A meeting of protestors opposed to an orbital road in Port Macquarie have passed a motion of no confidence in the council.
A crowd of 300 people packed into a hall at the racecourse on Sunday afternoon, September 8, and applauded speaker after speaker opposed to the planned project. They included the mayor, Peta Pinson, the member for Port Macquarie, Leslie Williams and the leader of the Shooters, Fishers and Farmers Party, Robert Borsak MLC.
Denis Lane from the Port Macquarie Better Orbital Options Alliance told the crowd that the orbital and airport link road proposals, if ever constructed, would not be in place for 12 to 20 years, according to the council.
He described them as extremely ambitious projections and wondered why six councillors - Deputy Mayor Lisa Intemann, Cr Justin Levido, Cr Rob Turner, Cr Peter Alley, Cr Geoff Hawkins and Cr Michael Cusato - appeared to be 'wedded to the project', which he described as an 'antiquated plan'.
"Without specific design details, Council has announced that the proposed orbital links will cost at least $1 billion (in 2016 dollars). Again, it will not be built until 2040, if then, given the significant hurdles that need to be jumped. How does any of this help motorists now?
"At this stage, council neither has the funds for construction nor any support from NSW and federal government for this massive project," added Mr Lane.
"Despite the opposition to the schemes, the block of six councillors recently resolved to invest a further $800,000 of ratepayers' funds in pushing on to the next step with another $5-6 million to follow for an environmental impact study.
"Even the recent publication of the letter from the environment minister, clearly stating that the state government would not support crossing the Lake Innes Nature Reserve, drew only a response from council reinforcing their commitment to the project," said Mr Lane.
Phil Lloyd, on behalf of the Alliance, told the meeting that the orbital road would not solve Port Macquarie's current and future traffic congestion.
"We have traffic congestion issues at peak times, but there are significantly cheaper and more effective initiatives that offer more immediate solutions rather than 20 years down the track," said Mr Lloyd, and questioned the council's reluctance to completely duplicate Lake Road.
"This east-west link solves nothing - neither current nor future road users will likely use this route during peak times. It simply moves traffic into the already existing choke points," he said, adding that it would be wasteful to spend $800,000 on a strategic business case, considering options which aren't feasible.
"Their preferred route passes through sensitive wetlands, containing known delicate ecosystems and acid sulfate soils that, if disturbed by any construction, could be catastrophic to our waterways. Although koalas often gain media attention, there are numerous species under threat from this orbital proposal," said Mr Lloyd.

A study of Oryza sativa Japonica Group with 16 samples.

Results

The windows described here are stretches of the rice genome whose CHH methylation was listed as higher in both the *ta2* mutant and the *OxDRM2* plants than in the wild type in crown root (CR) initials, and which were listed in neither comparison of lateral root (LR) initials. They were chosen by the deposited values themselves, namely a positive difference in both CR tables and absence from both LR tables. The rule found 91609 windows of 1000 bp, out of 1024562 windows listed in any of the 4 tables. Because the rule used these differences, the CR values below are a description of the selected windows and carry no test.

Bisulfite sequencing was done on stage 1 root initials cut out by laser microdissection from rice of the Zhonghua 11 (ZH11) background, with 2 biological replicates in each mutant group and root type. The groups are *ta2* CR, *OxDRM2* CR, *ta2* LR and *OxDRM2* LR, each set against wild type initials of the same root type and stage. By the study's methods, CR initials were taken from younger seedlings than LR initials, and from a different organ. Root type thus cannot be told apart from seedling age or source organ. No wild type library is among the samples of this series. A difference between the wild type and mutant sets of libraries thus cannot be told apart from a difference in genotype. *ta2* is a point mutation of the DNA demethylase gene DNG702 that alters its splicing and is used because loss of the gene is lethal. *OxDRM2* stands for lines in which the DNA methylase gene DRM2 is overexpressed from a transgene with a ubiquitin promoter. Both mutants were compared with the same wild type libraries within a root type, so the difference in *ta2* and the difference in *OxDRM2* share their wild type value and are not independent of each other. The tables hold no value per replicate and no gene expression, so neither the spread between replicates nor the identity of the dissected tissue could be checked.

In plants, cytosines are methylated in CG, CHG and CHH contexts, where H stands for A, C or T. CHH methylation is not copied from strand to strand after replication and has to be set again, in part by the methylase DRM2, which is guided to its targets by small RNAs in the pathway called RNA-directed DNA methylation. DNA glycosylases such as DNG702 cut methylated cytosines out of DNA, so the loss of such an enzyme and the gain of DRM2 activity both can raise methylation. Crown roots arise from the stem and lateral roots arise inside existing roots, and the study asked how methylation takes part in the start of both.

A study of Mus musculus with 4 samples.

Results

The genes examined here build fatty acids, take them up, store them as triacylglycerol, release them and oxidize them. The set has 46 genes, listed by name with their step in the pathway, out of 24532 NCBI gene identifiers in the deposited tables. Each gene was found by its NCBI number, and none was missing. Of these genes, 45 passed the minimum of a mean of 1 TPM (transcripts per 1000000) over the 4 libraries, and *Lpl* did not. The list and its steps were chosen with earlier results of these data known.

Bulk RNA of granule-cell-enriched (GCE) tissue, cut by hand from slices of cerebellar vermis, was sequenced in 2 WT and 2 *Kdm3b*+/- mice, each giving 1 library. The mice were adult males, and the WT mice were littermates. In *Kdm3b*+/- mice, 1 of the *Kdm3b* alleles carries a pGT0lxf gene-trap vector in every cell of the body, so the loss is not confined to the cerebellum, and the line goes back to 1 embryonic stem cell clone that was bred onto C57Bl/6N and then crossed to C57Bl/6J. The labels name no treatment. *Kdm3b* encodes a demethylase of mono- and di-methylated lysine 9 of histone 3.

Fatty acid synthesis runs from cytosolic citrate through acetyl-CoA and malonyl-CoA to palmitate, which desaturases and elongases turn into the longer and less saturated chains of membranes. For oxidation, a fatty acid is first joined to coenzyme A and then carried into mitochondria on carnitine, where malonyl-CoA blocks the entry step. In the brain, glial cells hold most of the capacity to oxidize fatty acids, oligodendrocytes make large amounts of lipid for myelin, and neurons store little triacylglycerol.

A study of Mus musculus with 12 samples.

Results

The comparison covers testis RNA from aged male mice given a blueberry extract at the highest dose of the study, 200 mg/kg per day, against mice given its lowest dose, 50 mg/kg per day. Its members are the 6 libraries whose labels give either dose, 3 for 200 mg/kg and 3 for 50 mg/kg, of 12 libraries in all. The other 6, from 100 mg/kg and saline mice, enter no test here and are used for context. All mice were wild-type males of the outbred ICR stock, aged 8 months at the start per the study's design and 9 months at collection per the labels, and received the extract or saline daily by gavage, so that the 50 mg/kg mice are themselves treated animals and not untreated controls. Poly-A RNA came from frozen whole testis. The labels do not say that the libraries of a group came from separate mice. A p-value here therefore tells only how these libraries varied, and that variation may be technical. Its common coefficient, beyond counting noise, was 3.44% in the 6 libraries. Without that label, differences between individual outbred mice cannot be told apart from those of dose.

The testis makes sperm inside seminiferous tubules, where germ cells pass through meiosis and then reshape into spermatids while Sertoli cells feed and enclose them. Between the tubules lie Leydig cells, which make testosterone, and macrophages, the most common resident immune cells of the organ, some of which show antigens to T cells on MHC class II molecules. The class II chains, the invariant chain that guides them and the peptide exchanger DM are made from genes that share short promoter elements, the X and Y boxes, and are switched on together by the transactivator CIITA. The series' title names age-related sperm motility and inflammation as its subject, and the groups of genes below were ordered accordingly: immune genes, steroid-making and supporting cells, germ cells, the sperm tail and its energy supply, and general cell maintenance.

Terry Muldoon from St Columba Anglican School Port Macquarie said they were concerned about the choice of preferred route by the council.
"Does placing a four-lane road within a few metres of our most vulnerable residents, those children from six weeks old to five weeks old, with the noise and pollution that would come with that a good idea? We think not," he said, adding that it would cut their outdoor play areas as well. He said the school hoped council would pause and think of a better way.
Representatives of the racing community spoke of their concerns about how the proposals would affect the racecourse, jockeys and racehorses.
A letter was read from Cheyne Flanagan, clinical director of the Koala Hospital, which attracts 150,000 visitors a year, expressing fears for the animals which are already in serious decline in this region.
She said koalas typically occupy large home ranges, of up to 100 hectares for life, they need specific eucalypts for food, and cannot easily move. Ms Flanagan said where habitat is disturbed by increased urbanisation, more koalas wander on to roads and are hit by cars, or attacked by dogs, and more develop chlamydia through stress.
She said the genetic diversity of Port Macquarie koalas makes them nationally important. Ms Flanagan said key areas of concern include the airport access road option which would remove large areas of koala habitat, especially at the shooting range.
"Even small remnants of koala habitat are important," said Ms Flanagan.
"Of most concern is the east-west link through Lake Innes nature reserve to Greenmeadows Drive. It introduces a pathway for feral animal movement. This road will undermine the health of the koala population and its sustainability," she added.
John Tingle, who chaired the meeting, proposed a motion of no confidence in Port Macquarie-Hastings Council in regard to its proposal for the orbital road development, the strategic business case for it, and called on the council to discontinue all development of the proposal forthwith.
The motion was passed unanimously by a show of hands from the 300-strong crowd.
Mayor Peta Pinson said she disagreed with the decisions of the council on the issue, and had shared the alliance's concerns to the minister for local government.
The mayor said she would table the motion at the next council meeting on Wednesday, September 18, and if she is returned as mayor at the upcoming council elections in September next year, she will take the "most viable" orbital route off the table at the first meeting.
"I have to accept that the power is with the six councillors who hold the balance of power at the moment. My being here this afternoon displays my commitment to you as mayor," she said.
Port Macquarie MP Leslie Williams commended the community and the mayor for their determination on the issue, and reminded them of the upcoming council elections in September next year.